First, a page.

Company Emergency Plan

Larger companies post emergency information around their building for the use of those visiting the building as well as their employees. This information includes items such as a map of the building with emergency paths and exits clearly labeled and reminders on the elevators to take the stairs instead of an elevator in the event of a fire.

Each business should also have in their company business manual a Standard Operating Procedure (SOP) for emergencies of all types. It is to specify what employees should do in the event of an emergency. This plan should include a chain of command for instructions, emergency contacts for during working hours and off-work hours (in the event there is a fire or other emergency when the business is closed), and a course of action to make sure employees are accounted for during an emergency. How will employees be alerted of the need to evacuate? What is the escape route, or should you stay in place in your office or elsewhere? Where will employees meet outside the building to be sure everyone is safe? Business should also have regular informational meetings and other ways of informing employees of the SOP and any changes that are made.

Make sure that you are well-versed in the company plan for emergencies, and know what you would be expected to do. If your company has emergency drills, participate. Do all you can to familiarize yourself with what emergency preparedness measures your company has planned.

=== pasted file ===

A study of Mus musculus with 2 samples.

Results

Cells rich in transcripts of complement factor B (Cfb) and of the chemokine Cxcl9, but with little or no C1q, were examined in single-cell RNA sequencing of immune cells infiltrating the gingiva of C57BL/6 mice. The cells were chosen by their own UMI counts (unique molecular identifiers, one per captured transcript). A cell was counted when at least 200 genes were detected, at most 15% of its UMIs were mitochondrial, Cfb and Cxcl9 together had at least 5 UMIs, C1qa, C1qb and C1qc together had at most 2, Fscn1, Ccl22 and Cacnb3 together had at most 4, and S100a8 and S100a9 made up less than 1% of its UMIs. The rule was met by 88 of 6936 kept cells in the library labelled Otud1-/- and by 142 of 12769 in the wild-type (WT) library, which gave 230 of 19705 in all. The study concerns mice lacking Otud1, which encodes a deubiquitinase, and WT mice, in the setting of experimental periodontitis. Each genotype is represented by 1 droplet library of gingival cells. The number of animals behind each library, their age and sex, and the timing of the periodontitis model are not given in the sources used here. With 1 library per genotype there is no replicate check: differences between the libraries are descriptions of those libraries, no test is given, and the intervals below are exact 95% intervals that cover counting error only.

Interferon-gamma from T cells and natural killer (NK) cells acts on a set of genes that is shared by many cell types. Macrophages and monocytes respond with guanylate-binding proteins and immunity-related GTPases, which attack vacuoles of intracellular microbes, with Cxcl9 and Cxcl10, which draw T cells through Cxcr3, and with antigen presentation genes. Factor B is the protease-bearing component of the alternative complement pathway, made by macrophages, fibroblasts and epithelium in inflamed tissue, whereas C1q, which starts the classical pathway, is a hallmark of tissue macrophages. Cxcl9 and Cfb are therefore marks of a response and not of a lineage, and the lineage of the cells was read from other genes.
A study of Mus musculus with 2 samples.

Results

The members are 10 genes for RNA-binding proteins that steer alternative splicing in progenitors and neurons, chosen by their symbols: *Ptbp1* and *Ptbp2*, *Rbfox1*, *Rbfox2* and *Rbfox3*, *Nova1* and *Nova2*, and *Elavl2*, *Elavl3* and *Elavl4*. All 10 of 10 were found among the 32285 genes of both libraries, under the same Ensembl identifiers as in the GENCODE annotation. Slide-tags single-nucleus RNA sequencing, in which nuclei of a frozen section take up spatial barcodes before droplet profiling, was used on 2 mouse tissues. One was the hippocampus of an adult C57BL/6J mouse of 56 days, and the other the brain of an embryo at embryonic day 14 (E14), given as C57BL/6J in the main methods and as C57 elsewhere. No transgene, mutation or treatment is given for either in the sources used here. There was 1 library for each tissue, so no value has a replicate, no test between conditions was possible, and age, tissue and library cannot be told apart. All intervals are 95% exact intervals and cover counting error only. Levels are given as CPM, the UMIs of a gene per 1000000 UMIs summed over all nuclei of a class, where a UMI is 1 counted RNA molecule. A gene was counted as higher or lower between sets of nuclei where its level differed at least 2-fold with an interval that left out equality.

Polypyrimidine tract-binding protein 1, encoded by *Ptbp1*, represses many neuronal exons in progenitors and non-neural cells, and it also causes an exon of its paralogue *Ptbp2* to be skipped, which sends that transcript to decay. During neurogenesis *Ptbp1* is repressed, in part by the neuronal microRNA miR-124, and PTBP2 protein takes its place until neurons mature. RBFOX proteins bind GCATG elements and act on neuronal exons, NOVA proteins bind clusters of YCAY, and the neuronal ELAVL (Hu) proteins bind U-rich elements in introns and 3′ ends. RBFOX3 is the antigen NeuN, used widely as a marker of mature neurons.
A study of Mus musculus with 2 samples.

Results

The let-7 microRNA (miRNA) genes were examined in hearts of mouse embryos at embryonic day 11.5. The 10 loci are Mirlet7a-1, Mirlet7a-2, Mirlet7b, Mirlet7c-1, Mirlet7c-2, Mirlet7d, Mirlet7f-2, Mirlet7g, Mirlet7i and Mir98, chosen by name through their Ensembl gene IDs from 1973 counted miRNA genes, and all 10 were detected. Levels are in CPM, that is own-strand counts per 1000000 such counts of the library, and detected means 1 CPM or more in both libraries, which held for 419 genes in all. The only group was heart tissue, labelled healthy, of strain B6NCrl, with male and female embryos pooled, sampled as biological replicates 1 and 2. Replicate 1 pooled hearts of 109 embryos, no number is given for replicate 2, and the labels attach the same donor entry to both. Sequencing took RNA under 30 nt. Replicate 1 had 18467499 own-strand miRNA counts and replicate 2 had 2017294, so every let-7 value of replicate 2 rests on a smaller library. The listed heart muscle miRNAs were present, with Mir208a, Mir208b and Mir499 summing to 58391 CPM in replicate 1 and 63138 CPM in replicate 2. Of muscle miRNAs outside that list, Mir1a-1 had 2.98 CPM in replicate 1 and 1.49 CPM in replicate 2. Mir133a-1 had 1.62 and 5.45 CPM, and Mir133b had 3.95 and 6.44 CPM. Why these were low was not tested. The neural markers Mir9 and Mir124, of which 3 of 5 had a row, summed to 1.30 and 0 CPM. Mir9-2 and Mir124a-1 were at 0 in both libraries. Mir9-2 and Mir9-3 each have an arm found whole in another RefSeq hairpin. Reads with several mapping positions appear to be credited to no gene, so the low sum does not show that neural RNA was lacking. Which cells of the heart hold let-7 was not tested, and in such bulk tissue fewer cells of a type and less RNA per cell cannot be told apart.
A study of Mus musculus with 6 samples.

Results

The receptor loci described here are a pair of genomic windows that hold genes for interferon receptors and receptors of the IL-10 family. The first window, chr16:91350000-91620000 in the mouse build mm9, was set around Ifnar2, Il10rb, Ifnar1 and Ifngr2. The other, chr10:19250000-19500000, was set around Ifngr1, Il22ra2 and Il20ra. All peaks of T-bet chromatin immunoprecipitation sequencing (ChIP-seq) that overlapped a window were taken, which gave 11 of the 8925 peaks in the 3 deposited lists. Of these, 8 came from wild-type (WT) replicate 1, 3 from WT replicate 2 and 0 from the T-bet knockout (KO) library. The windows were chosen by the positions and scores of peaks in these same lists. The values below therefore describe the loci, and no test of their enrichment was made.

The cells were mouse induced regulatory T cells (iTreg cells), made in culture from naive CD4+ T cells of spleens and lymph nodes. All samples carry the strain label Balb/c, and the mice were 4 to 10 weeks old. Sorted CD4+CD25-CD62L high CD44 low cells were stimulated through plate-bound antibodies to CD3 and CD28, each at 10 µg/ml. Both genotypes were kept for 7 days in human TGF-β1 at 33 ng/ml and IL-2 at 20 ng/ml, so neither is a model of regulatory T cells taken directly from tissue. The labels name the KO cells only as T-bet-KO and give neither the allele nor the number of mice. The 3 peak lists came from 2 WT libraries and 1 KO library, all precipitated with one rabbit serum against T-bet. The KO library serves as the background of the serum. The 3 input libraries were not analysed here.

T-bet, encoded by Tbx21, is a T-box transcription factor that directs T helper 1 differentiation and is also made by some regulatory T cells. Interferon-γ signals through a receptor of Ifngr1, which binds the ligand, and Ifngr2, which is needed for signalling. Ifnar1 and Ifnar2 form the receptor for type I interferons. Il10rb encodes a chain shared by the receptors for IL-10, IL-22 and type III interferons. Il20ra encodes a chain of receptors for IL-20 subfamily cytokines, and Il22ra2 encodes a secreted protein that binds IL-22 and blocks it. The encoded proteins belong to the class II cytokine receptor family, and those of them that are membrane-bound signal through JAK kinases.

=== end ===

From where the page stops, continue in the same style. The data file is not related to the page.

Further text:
Medical Emergencies

Businesses need to have first aid kits available for employees. Of course, your kit will be used the most for papercuts or headache treatment, but someday there may be a time when more medical assistance is required. For those times, at least one of the company first aid kits should be much larger and with a more vast supply of items for a broader range of medical emergencies. Also, ideally some of the employees are well-trained in CPR and basic first aid.

Personal Preparedness

You should also do some preparing on your own. Many people keep some emergency supplies in a desk drawer or in an office cupboard – things like a small first aid kit, some shelf-stable foods (including snacks) and water, and a pair of athletic shoes for in case there is rubble after an earthquake or you need to walk to get home to your loved ones, etc. If you cannot keep these items inside the business, consider leaving them in your car. A car kit can not only be valuable when you are at work, but also wherever else you may be. Ideally, however, some items are kept in your office, as well.

In conclusion, look into the plan at your workplace, and see if anything can be done by you or your company to improve the plan. Even if all you can do is to make your piece of the workplace safer and more prepared, it is worth doing for your own peace of mind.